Yankees Exploring Market For Outfield Upgrades

The Yankees have been baseball’s best team by a wide margin — their .727 winning percentage trounces the Astros’ second-ranked .640 mark — but they’ll naturally still be on the hunt for improvements as the Aug. 2 trade deadline draws nearer. To that end, general manager Brian Cashman and his staff have already begun to survey the outfield market, reports Jon Heyman of the New York Post.

It’s wholly unsurprising that the Yanks would be in the market for outfielders, given the way both Joey Gallo and Aaron Hicks have floundered so far in 2022. The 28-year-old Gallo, though he’s in the prime of his career, is limping through a career-worst .165/.276/.330 season and has fanned in a staggering 39.2% of his plate appearances this season. Hicks, 32, looked to be turning a corner when he opened the month of June with a .321/.410/.434 showing through 61 plate appearances across 16 games. However, he’s fallen into a 2-for-24 slump since that time and is hitting just .218/.338/.284 on the season overall. He’s still signed three more years beyond the current season, while Gallo is a free agent this coming winter, so the leash on Hicks figures to be longer.

Gallo’s struggles have pushed him into a decreased role of late, as Giancarlo Stanton has seen his time in the outfield tick upward. Stanton has already logged 242 innings in the outfield (all but seven coming in right) — the second-highest total in any of his four seasons wearing pinstripes. Stanton played in 139 games in 2021 but still logged just 199 innings in the outfield. Hicks, meanwhile, has shifted to left field in deference to MVP candidate (and free-agent-to-be) Aaron Judge, whose 337 frames in center this year have already exceeded his combined career total from six prior seasons.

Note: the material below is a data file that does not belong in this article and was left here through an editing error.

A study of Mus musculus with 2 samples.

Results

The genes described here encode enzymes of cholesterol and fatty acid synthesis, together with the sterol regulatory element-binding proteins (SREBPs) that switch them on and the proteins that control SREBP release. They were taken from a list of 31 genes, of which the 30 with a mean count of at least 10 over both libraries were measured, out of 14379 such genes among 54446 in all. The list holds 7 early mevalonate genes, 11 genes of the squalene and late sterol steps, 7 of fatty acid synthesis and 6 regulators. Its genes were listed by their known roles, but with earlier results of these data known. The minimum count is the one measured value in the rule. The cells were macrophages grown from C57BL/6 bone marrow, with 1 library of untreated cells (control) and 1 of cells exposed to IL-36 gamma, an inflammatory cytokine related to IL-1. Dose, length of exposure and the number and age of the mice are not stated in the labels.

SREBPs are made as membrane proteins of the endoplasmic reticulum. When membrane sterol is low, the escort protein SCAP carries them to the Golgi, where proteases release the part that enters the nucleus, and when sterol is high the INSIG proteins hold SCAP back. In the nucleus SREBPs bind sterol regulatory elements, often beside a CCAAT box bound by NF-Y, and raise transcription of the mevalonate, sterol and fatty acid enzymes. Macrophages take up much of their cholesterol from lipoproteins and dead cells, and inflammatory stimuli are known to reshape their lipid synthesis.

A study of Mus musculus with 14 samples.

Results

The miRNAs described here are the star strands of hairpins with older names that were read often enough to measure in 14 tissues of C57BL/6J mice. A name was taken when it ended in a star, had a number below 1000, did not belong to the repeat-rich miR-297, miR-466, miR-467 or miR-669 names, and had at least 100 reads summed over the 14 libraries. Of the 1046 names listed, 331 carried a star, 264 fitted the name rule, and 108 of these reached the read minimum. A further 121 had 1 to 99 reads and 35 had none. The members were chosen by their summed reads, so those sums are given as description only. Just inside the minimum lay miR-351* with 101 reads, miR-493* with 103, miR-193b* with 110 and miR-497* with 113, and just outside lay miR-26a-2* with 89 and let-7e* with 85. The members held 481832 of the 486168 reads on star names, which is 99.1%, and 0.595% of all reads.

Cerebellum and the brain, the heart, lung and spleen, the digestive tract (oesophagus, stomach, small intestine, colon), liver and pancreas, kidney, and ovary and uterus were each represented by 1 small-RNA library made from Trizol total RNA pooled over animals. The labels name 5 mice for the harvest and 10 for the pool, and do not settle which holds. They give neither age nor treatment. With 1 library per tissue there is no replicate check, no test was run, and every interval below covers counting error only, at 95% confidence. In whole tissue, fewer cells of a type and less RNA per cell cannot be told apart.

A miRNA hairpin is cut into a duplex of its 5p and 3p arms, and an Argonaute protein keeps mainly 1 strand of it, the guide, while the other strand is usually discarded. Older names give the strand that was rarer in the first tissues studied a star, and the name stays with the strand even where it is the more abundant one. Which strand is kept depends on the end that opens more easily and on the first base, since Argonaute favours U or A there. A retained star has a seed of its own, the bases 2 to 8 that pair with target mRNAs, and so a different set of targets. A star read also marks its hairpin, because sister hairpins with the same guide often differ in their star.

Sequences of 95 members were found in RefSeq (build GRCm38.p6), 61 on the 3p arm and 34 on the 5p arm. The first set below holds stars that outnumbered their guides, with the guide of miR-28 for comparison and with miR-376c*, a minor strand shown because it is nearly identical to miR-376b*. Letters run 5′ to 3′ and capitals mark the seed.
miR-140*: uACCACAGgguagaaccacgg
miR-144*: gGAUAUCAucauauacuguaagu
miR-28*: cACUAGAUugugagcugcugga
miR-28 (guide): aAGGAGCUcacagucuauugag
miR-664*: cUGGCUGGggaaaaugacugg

There’s no indication yet as to which direction the Yankees are specifically leaning, and the outfield market figures to feature a broad range of available players. Speculatively speaking, a left-handed bat would be sensible — particularly one capable of playing center field. Anthony Rizzo is the only current regular who bats left-handed in the Yanks’ lineup. Hicks is a switch-hitter but better from the right side of the plate throughout his career, and the only other lefty bats on the big league roster are the struggling Gallo, switch-hitting utilityman Marwin Gonzalez and veteran infielder Matt Carpenter.

Kansas City’s Andrew Benintendi is among the likeliest outfielders to be traded, given his upcoming free agency, his strong .305/.370/.393 batting line and the Royals’ fifth-place standing in the AL Central. Other outfielders likely to be available include Oakland’s Ramon Laureano, Baltimore’s Anthony Santander and Trey Mancini, Cincinnati’s Tyler Naquin and Tommy Pham, Detroit’s Robbie Grossman, Pittsburgh’s Ben Gamel, Arizona’s David Peralta and Chicago’s Ian Happ.

We’ll surely see ample rumblings on Pirates center fielder Bryan Reynolds and Orioles outfielders Cedric Mullins and Austin Hays, but all three of those players can be controlled three more years beyond the current season. That’s also true of the aforementioned Laureano, but the A’s are only just beginning to dismantle their roster and as such could be a bit more amenable to parting with some more years of control than the Pirates or O’s, both of whom have been rebuilding for several years already.

The Yankees are already well over the new $230MM luxury tax threshold, currently checking in at about $246MM worth of luxury obligations, in the estimation of Roster Resource’s Jason Martinez. They’re paying a 20% tax on every dollar spent over that line (approximately $3.2MM as things currently stand) and would pay that same 20% on every dollar up to $250MM. Any spending thereafter would be taxed at a 32% rate, up to $270MM.